Jaguar Guitars

1965 Fender Jaguar

Color: Dakota Red, Rating: 9.25, Sold (ID# 01762)
Call to Inquire: (818) 222-4113


A Rare and Near Mint Mid-Sixties Dakota Red Jaguar


1965 Fender Jaguar.


This Custom Color, solid alder body, 13 3/4-inch-wide Jaguar weighs 8.70 lbs. One-piece bound maple neck, and curved veneer rosewood fretboard with 22 original thin frets and inlaid pearl dot position markers. Headstock with matching "Dakota Red" finish and 'transitional decal with "Fender" in gold with black trim and "Pat. 2,960,900  2,972,923  3,143,028  2,741,146  Des 186,826 Pat Pend" underneath, and "Offset Contour Body" decal at the ball end of the headstock. Single "butterfly" string tree with nylon spacer. The neck is stamped "1 SEP 65B." Four-bolt neck plate with serial number "123638" between the top two screws. Individual Fender "F" tuners with octagonal metal buttons. Two white oblong Strat-like pickups with notched metal side plates and outputs of 5.97k and 5.98k. Three-layer white over black plastic pickguard with ten screws. Two controls (one volume, one tone) and jack socket on lower metal plate adjoining pickguard on the treble side, circuit selector (rhythm/lead) slide switch and two roller controls (one volume, one tone) on upper metal plate adjoining pickguard on the bass side, and three pickup selector slide switches on metal plate inset into the pickguard on the treble side. The potentiometers are stamped "304 6530" (Stackpole July 1965). Black plastic Jaguar knobs with white markings. Jazzmaster-type floating tremolo and bridge with adjustable mute. This guitar is in near mint (9.25) condition. There are three very, very small surface chips (top edge of treble-horn, top edge just above strap-pin and lower treble edge) where the fullaplast primer is showing through. The sponge for the mute has as usual dried-out. This is a wonderful example of this totally original and very rare custom-color Jaguar -- not at all faded. There is some light playing wear to the first five original frets. Complete with the original tremolo arm, bridge cover and 12 page hang-tag instruction manual with matching serial number. Housed in its original Fender three-latch, rectangular black hardshell case with black leather ends and dark orange plush lining (9.25).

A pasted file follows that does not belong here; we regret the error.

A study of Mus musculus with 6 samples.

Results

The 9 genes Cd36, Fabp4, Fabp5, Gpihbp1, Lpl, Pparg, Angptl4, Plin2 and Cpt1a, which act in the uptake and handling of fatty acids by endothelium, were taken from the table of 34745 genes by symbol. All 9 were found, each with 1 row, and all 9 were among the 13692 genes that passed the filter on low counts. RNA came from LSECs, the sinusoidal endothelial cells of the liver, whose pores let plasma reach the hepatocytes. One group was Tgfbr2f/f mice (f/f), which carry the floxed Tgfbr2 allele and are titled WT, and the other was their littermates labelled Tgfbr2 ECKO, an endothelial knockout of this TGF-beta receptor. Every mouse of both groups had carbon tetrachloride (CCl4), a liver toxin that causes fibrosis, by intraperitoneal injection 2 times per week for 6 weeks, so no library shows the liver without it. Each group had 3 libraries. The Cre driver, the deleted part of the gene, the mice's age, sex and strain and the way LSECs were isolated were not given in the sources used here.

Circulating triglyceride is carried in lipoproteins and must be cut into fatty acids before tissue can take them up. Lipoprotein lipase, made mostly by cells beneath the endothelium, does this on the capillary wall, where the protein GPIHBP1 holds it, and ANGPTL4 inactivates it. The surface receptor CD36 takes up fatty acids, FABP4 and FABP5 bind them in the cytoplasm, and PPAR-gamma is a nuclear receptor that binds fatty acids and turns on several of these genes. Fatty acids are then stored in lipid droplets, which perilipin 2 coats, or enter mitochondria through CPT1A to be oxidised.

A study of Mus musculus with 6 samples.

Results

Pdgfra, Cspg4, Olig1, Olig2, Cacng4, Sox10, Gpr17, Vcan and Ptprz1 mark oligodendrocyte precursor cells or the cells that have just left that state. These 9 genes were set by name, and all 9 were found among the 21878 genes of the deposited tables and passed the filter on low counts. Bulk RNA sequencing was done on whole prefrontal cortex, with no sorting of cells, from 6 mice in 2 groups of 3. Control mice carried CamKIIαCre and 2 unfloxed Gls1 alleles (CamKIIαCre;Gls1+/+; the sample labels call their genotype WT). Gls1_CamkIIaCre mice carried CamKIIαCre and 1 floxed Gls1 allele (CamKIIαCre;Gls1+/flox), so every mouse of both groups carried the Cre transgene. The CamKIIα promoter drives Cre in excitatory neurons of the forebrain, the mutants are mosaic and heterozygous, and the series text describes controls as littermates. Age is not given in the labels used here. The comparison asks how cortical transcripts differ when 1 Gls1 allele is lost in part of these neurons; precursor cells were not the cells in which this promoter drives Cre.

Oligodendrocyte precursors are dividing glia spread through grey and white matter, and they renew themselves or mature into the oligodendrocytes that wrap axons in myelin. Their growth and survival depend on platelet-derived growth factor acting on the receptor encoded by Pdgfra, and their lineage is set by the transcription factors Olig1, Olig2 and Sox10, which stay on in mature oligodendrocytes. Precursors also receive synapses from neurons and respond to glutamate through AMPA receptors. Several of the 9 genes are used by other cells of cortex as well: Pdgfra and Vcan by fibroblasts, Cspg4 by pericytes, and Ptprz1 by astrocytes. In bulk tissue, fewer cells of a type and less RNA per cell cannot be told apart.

Dakota Red was the 1958 Cadillac color and was used by Fender from 1960 - 1969.

"Not content with the relatively expensive Jazzmaster, Fender introduced a new top-of-the-line model in 1962: the Jaguar. [The pricelist offered a basic Sunburst Jaguar at $379.50; a similar Jazzmaster was $349.50]. Another offset-waist multi-control instrument, the Jag seemed an attractive proposition, but still failed to dent the supremacy of Fender's dynamic duo, the Tele and the Strat...The Jag used a similar offset-waist body shape to the earlier Jazzmaster, and also shared that guitar's separate bridge and vibrato unit, although the Jaguar had the addition of a spring-loaded string mute at the bridge. Fender rather optimistically believed that players would prefer a mechanical string mute to the natural edge-of-the-hand method. They did not. There were some notable differences between the Jaguar and Jazzmaster. Visually, the Jag had distinctive chromed control panels, and was the first Fender with 22 frets. Its 24" (610mm) scale-length ('faster, more comfortable') was shorter than the Fender standard of 25" (635mm) and closer to that of Gibson. It gave the Jag a different playing feel compared to other Fenders. The Jaguar had better pickups than the Jazzmaster. They looked much like Strat units but had metal shielding added at the base and sides, no doubt as a response to the criticisms of the Jazzmaster's tendency to noisiness. The Jag's electrics were yet more complex than the Jazzmaster's, using the same rhythm circuit but adding a trio of lead-circuit switches...The Jaguar was offered from the start in four different neck widths, one a size narrower and two wider than normal (coded A, B, C or D, from narrowest to widest, with 'normal' B the most common)" (Tony Bacon, 50 Years of Fender, p. 36).